I was speaking with a good friend recently about an entrepreneurial project he's been working on for several years. He's incredibly passionate about it but he can't seem to get it off the ground. I listened patiently as he talked about the many ideas he has to help move it along incrementally. Then I asked him a simple question; "where do you want to go with this?"

You'd think that after years of trying to make it work he'd have an instant answer. He didn't. His response was, "That's a really good question." After decades of working with hundreds of startups I've found that his response isn't as odd or as unusual as it might seem.

Where are you going?

I've spent much of my career meeting with, consulting to, and coaching founders. When I first meet with the founder of a startup I always ask them that same question, "So, where are you going with this?" Surprisingly, few have an answer that goes beyond the colloquial response that they want to create value. But will that value come from creating a lifestyle business, selling the business, an IPO, or is it about serving some greater social purpose? 

Not answering the question of where you're business is going, clearly and definitively, creates ambiguity and risk. One thing I've noticed, that's common to every great organization, is that no matter who you ask that question of you'll get the same answer. If you don't answer it as a leader there's not a chance that your team will be able to answer it. 

Establishing the trajectory of an organization in explicit terms is one of the fundamental responsibilities of a leader. Humans are wired to focus on predicting the future. The economist Frank Knight, who focused his work on uncertainty, even went so far as to say that, "The role of consciousness is to give the organism knowledge of the future." When the view towards the horizon is murky, obscured, or just plain obtuse we get anxious and begin to doubt our ability to navigate the uncertainty. Trust is eroded and alignment around strategies becomes nearly impossible.

As a leader, people look to you to minimize uncertainty by charting a course to a definite destination. In fact, I'd co-opt Knight's quote to read, "The role of leadership is to give their organization, and its people, a knowledge of the future." Great leaders are those who set that destination and then constantly reinforce the path to it and the rewards of getting there. That assurance helps to align your team and to motivate them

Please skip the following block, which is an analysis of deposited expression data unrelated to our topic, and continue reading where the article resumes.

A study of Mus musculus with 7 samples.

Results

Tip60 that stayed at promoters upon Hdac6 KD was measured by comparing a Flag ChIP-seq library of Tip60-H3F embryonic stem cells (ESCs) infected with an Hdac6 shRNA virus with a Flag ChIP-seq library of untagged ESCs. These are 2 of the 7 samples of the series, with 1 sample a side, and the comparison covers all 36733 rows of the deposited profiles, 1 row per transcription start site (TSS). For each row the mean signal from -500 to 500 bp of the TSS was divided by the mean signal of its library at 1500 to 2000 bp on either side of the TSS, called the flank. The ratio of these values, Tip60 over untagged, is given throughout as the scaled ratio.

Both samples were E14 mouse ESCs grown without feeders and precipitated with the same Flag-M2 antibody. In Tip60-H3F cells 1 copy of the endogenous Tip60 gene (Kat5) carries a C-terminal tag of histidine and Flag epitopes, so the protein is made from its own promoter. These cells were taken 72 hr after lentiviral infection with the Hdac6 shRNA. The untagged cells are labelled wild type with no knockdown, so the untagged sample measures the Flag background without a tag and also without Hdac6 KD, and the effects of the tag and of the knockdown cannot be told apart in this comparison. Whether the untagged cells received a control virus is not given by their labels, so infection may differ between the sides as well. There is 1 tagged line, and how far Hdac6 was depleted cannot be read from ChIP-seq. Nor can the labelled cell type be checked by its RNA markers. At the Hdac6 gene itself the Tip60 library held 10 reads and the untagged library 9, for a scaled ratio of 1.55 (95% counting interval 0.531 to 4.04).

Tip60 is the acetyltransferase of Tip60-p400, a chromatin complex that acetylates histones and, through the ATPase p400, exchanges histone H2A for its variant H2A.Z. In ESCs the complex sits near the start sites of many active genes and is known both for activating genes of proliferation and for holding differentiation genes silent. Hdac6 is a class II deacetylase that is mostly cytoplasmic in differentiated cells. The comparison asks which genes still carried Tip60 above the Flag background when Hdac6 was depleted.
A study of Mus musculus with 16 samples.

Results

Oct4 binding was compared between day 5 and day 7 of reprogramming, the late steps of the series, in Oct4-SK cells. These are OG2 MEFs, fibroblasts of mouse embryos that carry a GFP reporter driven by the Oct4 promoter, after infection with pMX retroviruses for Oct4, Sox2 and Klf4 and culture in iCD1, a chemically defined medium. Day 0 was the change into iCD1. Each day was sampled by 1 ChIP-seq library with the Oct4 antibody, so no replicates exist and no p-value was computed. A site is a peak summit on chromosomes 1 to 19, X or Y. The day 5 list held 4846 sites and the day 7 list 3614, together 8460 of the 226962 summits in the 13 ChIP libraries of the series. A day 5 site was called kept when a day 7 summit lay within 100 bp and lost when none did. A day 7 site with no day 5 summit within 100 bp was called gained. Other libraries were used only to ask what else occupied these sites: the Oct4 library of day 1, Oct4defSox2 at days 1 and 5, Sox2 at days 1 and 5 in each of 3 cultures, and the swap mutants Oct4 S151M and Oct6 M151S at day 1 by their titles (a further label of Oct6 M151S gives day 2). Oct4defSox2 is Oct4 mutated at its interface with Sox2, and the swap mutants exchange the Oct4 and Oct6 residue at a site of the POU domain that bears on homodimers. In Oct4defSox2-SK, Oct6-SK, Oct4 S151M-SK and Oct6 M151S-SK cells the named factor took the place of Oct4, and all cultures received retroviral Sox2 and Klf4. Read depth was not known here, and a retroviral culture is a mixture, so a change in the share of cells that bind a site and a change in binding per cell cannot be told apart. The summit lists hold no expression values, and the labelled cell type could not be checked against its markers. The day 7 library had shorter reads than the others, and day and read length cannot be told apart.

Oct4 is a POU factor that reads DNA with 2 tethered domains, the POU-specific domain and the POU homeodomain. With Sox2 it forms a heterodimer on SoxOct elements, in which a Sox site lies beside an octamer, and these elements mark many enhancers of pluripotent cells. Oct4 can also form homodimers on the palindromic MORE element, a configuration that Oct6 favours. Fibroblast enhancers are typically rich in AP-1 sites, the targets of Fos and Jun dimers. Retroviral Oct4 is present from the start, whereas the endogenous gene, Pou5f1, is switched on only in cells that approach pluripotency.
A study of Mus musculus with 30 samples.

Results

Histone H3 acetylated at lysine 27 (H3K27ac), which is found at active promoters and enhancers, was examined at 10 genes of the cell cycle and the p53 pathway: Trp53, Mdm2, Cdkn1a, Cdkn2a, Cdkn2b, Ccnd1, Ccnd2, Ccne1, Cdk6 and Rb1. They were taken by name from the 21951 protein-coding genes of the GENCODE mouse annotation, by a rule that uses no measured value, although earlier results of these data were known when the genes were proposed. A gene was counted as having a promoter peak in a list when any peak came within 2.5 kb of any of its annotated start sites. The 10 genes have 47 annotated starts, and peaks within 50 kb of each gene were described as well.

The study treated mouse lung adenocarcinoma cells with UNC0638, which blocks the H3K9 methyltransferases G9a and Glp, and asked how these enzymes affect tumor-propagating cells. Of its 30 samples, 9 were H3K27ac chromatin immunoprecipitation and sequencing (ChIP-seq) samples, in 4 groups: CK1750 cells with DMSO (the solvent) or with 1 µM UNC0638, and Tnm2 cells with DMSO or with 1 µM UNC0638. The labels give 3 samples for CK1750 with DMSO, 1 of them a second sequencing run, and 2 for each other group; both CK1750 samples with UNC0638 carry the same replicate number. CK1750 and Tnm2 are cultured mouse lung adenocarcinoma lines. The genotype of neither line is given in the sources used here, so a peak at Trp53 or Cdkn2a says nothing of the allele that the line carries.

Commit yourself.

So, why is it that many founders fail to do this? In my experience there are two reasons; they're afraid to commit to a destination or they simply don't realize how important it is for their people to have this stated explicitly.

I often draw an analogy between CEOs who fail to be definitive about their company's destination and a recent graduate writing his or her resume. The graduate is typically unsure of where they want to end up and they don't want to pigeonhole themselves by being overly specific in their resume. A CEO who doesn't take responsibility for clearly detailing his or her organization's trajectory is doing much the same by being non-committal or simply neglectful.

There are two significant risks that this creates. First, you are taking away your team's ability to make decisions that are aligned with a specific direction. Second, you will confuse team members who will not understand why decisions are being made that seem to be contrary to the company's well-being. For example, I regularly see this in companies that are clearly a life-style company for the owner but which also espouse the benefit of some sort of long-term equity participation through phantom stock options or stock appreciation rights. There's nothing at all wrong with a life-style company as long as the owners are clear about that choice.

If any of this is ringing familiar chords stop and take a close look at the impact your lack of communicating an definitive direction may be having on your team and organization. Start by asking different team members if they know where the organization is going. Not getting consistent answers is a sure indication that you need to take action. The good news is that it's something that can be easily corrected. And right now, as the year is starting, is probably the best time to sit down and define your organization's direction and the best time to articulate and start to reinforce it.

If you're already doing this, then congratulations; keep reinforcing it at every opportunity and reminding people of what that destination means to them personally. You'll know you've succeeded when everyone in the organization has the answer to the simple question, "Where do we want to go with this?"